OK, I havent seen this discussed yet so here goes.
On Ebay, currently there are "2 antique queen bee shipper crates" for sale. http://cgi.ebay.com/2-Antique-Apiary...QQcmdZViewItem
While I am not a bee history buff, I do not believe that these cages are from circa 1898.
Placing a stamp on a cage does not make it so.
I also do not believe that staples would have been used to hold screen wire in place pre-1900. The history alone on the stapler makes it questionable at best.
The wood on these cages hasnt even darkened in the last 100 years. All wood changes color given time.
I just dont buy it, but am willing to be proven wrong.
Looks bogus to me. But people who don't know will buy anything. The seller doesn't know what he has. Just read the discription of the item. I wanted to ask the seller a question but I didn't want to join e-bay.
Looks bogus, but could be possible. The 3 hole cage (also called the Benton cage) was invented by Frank Benton who worked for the USDA and lived from 1852 to 1919. (Source: the ABC and XYZ of Bee Culture)
However, why is the one stamp not damaged if that really is water damage discoloring the one trap. If they actually shipped just the cage where is the address. And the screen really looks identical to the screen you get with new cages from kelly, coated black and all.
If anyone wants one I've got a whole box and somewhere around here I've got my old stamp collection so I can throw and old stamp on it as well. You can have them for half price [img]smile.gif[/img]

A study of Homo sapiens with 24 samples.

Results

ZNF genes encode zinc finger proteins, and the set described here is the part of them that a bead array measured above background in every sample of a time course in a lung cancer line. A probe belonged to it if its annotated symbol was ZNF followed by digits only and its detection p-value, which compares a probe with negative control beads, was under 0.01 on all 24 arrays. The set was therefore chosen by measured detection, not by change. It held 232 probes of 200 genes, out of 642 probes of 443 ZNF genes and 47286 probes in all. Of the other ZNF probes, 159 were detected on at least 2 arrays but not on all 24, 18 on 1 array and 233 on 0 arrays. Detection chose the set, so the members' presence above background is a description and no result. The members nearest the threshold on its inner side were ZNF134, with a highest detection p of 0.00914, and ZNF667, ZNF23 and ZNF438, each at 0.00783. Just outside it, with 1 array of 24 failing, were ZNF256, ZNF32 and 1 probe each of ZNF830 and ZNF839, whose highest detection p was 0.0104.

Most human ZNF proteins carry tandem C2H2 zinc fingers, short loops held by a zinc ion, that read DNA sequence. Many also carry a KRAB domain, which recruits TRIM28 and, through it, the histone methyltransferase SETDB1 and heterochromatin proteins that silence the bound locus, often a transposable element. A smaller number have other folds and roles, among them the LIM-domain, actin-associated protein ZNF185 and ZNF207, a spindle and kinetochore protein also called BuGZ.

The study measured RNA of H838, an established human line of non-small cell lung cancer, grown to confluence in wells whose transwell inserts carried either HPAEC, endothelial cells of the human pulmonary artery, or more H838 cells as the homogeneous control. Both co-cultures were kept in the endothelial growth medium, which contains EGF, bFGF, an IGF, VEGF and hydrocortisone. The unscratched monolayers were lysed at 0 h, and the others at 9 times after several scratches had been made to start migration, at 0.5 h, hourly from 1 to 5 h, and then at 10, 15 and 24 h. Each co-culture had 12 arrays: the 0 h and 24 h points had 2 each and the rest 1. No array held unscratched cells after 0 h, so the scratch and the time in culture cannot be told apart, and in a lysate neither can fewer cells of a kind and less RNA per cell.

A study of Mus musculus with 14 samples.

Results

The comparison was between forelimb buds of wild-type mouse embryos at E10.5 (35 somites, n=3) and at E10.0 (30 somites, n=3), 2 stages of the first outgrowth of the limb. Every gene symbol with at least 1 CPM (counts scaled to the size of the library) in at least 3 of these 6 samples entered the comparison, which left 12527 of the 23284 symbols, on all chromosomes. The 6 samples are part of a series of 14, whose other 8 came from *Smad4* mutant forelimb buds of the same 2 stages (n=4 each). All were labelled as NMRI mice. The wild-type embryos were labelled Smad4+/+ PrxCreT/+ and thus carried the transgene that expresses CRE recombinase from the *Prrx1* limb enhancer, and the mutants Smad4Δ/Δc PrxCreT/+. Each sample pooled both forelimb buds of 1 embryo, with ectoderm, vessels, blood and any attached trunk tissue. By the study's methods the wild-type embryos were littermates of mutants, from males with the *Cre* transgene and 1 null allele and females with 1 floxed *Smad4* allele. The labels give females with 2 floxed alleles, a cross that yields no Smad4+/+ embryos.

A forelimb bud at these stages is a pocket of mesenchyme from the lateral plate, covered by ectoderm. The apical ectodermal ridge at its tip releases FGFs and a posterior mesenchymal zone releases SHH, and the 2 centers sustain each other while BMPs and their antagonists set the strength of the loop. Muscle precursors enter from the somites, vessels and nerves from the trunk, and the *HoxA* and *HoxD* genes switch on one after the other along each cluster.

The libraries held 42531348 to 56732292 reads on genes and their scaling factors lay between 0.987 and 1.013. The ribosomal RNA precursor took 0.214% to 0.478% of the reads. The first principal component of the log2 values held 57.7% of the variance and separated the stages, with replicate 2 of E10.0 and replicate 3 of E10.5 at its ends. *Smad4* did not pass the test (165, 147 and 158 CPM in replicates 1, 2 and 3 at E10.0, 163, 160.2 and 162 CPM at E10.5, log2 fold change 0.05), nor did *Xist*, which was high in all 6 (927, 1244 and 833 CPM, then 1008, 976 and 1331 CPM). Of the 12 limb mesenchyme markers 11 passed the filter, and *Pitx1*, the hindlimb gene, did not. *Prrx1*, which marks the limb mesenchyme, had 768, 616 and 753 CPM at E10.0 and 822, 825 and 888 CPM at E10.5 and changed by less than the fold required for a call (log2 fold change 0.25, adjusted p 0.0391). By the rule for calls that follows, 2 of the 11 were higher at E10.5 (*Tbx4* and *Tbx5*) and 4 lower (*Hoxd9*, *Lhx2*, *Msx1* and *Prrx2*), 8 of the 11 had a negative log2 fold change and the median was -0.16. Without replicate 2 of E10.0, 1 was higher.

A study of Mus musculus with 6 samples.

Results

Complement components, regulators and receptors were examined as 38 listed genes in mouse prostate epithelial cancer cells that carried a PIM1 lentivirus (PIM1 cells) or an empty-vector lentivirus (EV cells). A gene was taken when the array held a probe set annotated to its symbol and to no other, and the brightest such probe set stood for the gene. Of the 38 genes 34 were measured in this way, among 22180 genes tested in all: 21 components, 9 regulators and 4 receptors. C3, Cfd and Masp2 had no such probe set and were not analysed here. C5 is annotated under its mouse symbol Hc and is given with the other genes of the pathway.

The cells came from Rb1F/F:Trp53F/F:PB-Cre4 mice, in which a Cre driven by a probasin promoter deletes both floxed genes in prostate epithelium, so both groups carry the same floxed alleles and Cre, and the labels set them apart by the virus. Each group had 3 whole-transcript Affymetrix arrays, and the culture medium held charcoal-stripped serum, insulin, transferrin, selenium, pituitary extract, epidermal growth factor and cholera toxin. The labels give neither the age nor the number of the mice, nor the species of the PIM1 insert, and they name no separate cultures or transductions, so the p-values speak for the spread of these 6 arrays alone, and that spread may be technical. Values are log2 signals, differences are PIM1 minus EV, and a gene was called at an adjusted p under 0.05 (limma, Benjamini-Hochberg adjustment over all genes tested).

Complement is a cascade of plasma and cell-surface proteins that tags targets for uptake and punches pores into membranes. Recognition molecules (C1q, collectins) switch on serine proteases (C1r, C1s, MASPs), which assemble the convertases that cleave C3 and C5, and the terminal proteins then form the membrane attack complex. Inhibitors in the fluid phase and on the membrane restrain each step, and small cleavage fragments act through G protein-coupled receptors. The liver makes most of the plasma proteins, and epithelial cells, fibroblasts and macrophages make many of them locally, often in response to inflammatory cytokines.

I suspect this is a fraud. The same seller was selling similar queen cages a month ago as antique mailing packages with a one cent stamp attached, saying the stamp proved they "gotta be old!" But the stamp on those cages was one that was originally issued in the late 70s. They sold for $34.
Anyone wanna buy a bridge?
Well, they do look remarkably these old buggers.
And they did ship them back then less the envelope and with a stamp on the box.
Shipping queens began around 1870-1880 I believe, so it is plausible that these are from the era. The stamp lends to it's authenticity, but as always when buying anything, itÂ’s Caveat Emptor.
I was out in a beeyard with a friend of mine one time. He was having skunk problems in that yard. He went back to the truck and came back with an egg and a small container of arsenic. The arsenic container had and address label and two stamps on it. Back in the '60s, I think, or '50s you could ship arsenic through the mail with just an address and a stamp. Amazing. Somehow I don't think that that would fly today.
that is a complete and total rip off. I got queens shipped to me like that two years ago! I still got the identical queen cages in a wooden tool box out inj my bee yard....It is a shame there are so many frauds in the world.
I E-mailed him and ask;
what the postmark on the stamp was and if the queen candy was soft?